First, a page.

September 6, 2009

French 75

To make a French 75

• 2 parts gin (Bombay Sapphire preferred),
• 1/2 parts lime juice (Rose's, of course)
• 1 tsp of sugar
• lemon peel for garnish
• chilled champagne (the better the champagne, the better the drink. Or just André)
• champagne coupe (you know, the saucers)


Mix the lime juice and sugar with ice, strain the ice, pour into a champagne coupe. Fill to the top with champagne, place a long peel of lemon on top, then serve. Preferably on the Riviera, or the Dalmatian coast. Lacking that, make sure everyone around you looks as fabulous as the drink.

Esquire's drink pages usually work for me (see their gimlet, manhattan, etc.). And their little history of the drink is pleasant enough. But I can't help but disagree with their recipe. Sure, it's a lot more alcoholic than mine. But a collins glass? Lemon juice? Yes, yes, that's a traditional way to do it. And I won't begrudge the  lemon juice (it's a tasty variant). In fact maybe what I'm making should be called a French 73. But the coupe and the lime just make it so... decadent. And that's something that's missing from the way Esquire describes the drink. This drink is designed for decadence, the south of France, swimming in the ocean, yachting, slowly dancing with a beautiful woman to jazz, and embracing the feeling of the idle rich.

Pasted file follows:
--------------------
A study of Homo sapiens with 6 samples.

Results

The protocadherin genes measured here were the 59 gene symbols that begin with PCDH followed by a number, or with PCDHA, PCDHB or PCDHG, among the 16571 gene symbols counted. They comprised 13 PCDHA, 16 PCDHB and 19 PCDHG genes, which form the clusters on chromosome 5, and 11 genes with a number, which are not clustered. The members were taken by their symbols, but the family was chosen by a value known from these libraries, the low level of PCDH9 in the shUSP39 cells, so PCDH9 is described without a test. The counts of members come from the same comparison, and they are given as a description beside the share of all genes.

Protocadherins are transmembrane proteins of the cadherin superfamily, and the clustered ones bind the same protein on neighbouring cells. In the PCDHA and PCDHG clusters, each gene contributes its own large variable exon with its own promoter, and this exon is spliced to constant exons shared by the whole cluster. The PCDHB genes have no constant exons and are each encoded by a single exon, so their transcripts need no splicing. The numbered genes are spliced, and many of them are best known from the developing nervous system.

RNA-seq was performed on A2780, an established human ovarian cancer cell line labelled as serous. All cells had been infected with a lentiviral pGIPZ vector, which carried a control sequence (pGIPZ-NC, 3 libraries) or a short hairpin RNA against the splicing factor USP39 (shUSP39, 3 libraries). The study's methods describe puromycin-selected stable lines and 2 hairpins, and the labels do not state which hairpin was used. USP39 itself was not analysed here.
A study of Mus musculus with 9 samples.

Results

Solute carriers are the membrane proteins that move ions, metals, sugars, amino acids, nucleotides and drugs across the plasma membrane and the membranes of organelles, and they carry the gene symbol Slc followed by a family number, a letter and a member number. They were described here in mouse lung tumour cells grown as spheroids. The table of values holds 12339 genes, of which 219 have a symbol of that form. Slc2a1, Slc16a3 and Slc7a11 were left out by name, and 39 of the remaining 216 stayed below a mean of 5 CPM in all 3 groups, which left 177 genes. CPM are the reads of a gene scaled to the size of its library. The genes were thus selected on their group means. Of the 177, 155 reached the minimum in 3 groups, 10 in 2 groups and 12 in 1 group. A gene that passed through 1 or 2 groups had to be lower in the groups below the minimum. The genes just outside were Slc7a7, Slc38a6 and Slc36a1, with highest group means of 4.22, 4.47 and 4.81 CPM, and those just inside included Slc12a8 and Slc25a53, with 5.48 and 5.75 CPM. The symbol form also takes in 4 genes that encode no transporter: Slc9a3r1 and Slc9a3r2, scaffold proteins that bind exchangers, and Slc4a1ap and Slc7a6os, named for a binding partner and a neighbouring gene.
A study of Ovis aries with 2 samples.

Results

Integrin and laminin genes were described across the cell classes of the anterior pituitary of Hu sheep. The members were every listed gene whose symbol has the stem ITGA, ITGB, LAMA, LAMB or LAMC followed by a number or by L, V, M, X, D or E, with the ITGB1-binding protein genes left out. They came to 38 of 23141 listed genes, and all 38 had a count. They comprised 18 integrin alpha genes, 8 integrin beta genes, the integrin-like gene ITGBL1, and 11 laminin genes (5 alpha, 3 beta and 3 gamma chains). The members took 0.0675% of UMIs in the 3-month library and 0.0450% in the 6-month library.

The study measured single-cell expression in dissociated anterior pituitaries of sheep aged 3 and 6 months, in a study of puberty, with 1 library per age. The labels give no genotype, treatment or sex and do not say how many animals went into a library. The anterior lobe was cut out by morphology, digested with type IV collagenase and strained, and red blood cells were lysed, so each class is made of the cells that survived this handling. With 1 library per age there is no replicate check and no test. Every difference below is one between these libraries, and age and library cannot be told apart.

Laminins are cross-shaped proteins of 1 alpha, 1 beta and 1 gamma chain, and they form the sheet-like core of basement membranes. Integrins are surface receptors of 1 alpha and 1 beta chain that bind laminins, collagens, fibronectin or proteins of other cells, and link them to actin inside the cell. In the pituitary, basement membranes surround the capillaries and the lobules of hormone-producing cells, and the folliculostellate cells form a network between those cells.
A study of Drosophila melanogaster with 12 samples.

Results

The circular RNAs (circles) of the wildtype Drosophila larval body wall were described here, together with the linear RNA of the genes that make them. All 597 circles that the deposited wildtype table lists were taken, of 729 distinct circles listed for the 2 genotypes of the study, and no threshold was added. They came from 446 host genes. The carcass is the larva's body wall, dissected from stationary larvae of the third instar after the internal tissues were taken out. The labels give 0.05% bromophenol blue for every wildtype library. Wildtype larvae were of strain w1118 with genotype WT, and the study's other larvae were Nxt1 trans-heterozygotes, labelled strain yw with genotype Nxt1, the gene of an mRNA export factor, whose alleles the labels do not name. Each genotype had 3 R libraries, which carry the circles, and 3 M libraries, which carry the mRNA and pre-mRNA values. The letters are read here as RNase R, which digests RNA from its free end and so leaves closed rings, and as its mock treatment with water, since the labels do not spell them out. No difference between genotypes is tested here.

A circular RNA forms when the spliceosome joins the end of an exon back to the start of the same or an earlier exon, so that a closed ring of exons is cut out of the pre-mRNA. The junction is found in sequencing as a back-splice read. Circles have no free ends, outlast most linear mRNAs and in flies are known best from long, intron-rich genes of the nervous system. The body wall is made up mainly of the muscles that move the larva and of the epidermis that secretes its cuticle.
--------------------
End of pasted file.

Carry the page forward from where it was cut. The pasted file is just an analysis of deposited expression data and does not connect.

I've been told that every kind of drink asks a question. A cheap beer asks, "what kind of trouble can I get into?" A martini asks, "what's the meaning of life?"And a French 75 smiles at the questions, laughs, then asks if you've ever chased the sun around the Cote d'Azur.

*Note--be careful. It's a sneaky little kick of a drink.